BMW, Anglo American Platinum, and Sasol team up to boost FCEVs in SA
BMW has made considerable investments in electrification, but the Munich-based company has also been looking at alternative powertrain technologies, such as hydrogen fuel cell electric powertrains.
BMW has developed hydrogen fuel cell technology-powered vehicles such as the iX5 Hydrogen as an alternative to fully electric cars of this world, and while the tech in itself is infinitely complex, it has proven to be environmentally friendly in other markets. Essentially, water is the only byproduct of this energy-generation method.
BMW SA, Anglo American, and Sasol SA Limited have recently signed a collaboration agreement that will see hydrogen fuel cell electric cars (FCEVs) brought to the market in addition to supporting hydrogen refuelling technology in the country.
The agreement, signed at the 2023 SA Green Hydrogen Summit in Cape Town, will ensure that BMW provides FCEV vehicles while Sasol supplies green hydrogen and mobile refuelers. According to BMW SA, the iX5 will operate on local roads as part of an international trial to understand how the SUV performs in real-world conditions.
What’s Anglo American Platinum’s role? You wonder. Well, the entity has been investing in hydrogen technologies for many years and it will work closely with the German manufacturer and Sasol to help develop a local green hydrogen mobility ecosystem.
“Sasol, BMW and Anglo American Platinum recognise the urgency of addressing climate change, and this agreement demonstrates our commitment to revolutionising the energy sector by exploring and promoting cutting-edge solutions. As an organisation that has been producing and marketing hydrogen for more than 20 years, we know hydrogen. We produced our first batch of green hydrogen at our Sasolburg facility in June, and in 2024, we will ramp this up to commercial scale when a 69MW wind farm, situated in the Eastern Cape, comes online”. So says Sasol's Executive Vice President for Energy Business, Priscillah Mabelane.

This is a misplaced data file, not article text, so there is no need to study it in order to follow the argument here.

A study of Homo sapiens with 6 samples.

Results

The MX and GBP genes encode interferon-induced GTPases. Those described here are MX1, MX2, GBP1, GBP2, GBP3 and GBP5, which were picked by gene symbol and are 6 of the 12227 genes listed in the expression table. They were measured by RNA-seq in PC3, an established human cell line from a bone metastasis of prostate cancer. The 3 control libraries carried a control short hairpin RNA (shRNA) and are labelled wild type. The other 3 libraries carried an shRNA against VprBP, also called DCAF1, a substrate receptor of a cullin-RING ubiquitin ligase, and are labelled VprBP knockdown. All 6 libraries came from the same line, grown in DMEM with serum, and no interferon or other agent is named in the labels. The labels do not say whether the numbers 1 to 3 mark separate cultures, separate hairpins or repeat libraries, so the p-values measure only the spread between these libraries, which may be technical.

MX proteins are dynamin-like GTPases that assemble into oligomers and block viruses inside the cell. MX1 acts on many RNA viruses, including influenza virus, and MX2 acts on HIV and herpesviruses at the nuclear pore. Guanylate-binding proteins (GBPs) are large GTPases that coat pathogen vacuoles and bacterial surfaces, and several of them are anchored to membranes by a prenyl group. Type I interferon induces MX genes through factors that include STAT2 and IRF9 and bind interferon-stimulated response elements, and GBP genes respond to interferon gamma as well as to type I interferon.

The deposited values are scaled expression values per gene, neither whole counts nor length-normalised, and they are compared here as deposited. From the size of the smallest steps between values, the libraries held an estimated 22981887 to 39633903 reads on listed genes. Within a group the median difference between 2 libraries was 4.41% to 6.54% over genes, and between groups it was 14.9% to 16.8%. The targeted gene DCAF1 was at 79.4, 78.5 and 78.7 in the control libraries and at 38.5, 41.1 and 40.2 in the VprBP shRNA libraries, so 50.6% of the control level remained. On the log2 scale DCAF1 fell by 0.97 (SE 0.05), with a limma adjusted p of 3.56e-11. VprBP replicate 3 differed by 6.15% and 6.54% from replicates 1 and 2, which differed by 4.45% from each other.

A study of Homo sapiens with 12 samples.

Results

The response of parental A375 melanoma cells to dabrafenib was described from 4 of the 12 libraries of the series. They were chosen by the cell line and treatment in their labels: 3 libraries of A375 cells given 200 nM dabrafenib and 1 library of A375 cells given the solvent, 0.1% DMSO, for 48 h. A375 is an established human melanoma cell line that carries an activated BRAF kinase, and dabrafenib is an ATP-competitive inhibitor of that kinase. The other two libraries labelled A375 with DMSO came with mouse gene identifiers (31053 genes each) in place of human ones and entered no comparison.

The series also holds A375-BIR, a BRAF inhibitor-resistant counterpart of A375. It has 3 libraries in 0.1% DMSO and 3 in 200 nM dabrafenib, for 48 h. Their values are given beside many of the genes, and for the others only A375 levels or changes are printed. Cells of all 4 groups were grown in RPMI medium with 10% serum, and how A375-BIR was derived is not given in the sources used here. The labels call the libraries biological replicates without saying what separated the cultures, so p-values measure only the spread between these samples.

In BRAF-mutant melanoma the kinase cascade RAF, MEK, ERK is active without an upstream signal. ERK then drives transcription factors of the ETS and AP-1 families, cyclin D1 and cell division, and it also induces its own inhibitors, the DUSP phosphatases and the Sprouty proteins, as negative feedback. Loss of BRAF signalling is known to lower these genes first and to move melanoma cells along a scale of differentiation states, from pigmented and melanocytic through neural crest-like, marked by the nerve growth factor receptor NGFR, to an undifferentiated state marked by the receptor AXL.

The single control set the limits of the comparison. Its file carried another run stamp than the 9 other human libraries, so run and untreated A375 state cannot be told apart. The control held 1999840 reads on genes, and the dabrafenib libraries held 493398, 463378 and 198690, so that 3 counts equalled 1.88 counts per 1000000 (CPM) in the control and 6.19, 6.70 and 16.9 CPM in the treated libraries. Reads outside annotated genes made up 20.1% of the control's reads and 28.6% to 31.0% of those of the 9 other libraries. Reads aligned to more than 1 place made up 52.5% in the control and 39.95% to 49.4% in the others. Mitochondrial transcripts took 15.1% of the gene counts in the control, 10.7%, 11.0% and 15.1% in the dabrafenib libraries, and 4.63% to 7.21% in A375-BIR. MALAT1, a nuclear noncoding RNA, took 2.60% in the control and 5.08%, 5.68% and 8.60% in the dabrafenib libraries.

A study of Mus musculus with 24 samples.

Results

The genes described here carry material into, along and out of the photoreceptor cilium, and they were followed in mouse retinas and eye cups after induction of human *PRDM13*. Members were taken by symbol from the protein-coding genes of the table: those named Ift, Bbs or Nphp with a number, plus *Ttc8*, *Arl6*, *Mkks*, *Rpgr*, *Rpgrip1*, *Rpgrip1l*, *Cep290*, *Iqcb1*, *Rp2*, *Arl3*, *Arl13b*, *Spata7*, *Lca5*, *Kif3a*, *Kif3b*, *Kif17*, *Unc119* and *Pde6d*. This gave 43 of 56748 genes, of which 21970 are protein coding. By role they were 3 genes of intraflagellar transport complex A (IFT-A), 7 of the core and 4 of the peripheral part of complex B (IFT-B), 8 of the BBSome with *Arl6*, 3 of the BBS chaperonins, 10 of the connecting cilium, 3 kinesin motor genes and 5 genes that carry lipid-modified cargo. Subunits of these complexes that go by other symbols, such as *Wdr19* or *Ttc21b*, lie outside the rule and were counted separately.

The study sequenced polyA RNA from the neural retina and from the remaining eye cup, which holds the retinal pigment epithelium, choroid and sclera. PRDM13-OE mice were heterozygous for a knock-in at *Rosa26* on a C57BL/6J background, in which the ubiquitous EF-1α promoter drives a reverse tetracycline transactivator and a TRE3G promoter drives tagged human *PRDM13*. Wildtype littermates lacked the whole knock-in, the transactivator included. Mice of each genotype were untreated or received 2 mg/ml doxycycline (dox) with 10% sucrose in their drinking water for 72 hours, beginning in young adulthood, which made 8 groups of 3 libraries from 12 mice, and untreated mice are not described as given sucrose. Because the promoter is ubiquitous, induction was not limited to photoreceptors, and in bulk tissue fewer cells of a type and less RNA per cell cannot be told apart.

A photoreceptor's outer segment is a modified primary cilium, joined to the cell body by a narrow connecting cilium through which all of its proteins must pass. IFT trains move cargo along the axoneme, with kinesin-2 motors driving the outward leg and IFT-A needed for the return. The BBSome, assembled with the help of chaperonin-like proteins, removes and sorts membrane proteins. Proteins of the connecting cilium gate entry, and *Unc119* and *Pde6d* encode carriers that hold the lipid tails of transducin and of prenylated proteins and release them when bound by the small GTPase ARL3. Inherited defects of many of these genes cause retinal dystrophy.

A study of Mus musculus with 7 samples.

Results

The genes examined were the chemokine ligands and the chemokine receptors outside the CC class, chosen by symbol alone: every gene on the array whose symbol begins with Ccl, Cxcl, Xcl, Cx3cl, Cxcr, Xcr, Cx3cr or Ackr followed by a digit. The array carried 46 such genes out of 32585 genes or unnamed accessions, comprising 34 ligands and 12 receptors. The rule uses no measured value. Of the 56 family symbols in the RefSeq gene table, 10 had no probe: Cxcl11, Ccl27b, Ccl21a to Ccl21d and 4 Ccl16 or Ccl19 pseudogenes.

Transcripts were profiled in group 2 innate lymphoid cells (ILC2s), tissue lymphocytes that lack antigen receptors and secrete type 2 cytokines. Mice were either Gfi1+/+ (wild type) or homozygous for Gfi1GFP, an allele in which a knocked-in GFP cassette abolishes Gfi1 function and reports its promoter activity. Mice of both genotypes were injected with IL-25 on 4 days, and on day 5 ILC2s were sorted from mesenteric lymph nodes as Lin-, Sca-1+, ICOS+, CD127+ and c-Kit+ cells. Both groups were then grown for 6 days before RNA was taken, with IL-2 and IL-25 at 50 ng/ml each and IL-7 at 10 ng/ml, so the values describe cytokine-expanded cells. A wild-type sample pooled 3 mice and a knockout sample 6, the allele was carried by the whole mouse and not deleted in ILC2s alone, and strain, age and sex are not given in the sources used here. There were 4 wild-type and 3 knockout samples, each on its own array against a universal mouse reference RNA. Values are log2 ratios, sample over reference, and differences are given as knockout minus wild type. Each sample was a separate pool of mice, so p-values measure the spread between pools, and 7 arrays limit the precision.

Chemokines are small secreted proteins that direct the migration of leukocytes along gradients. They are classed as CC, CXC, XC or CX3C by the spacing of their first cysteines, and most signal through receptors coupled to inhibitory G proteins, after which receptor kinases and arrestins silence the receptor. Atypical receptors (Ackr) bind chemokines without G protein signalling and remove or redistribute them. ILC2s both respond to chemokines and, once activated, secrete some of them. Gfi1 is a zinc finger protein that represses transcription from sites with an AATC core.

With regards to the BMW iX5 Hydrogen, it can travel up to 504km between refuelling, which BMW says takes less than four minutes. This should be ideal in real-world situations, taking into account that EVs take considerably more time to fully recharge.
The agreement between the three companies is another step towards accelerating the uptake of FCEVs, and the move will help lower emissions, unlock investment opportunities, and create jobs in SA. The first hydrogen fuel cell cars are expected to arrive in South Africa in 2024.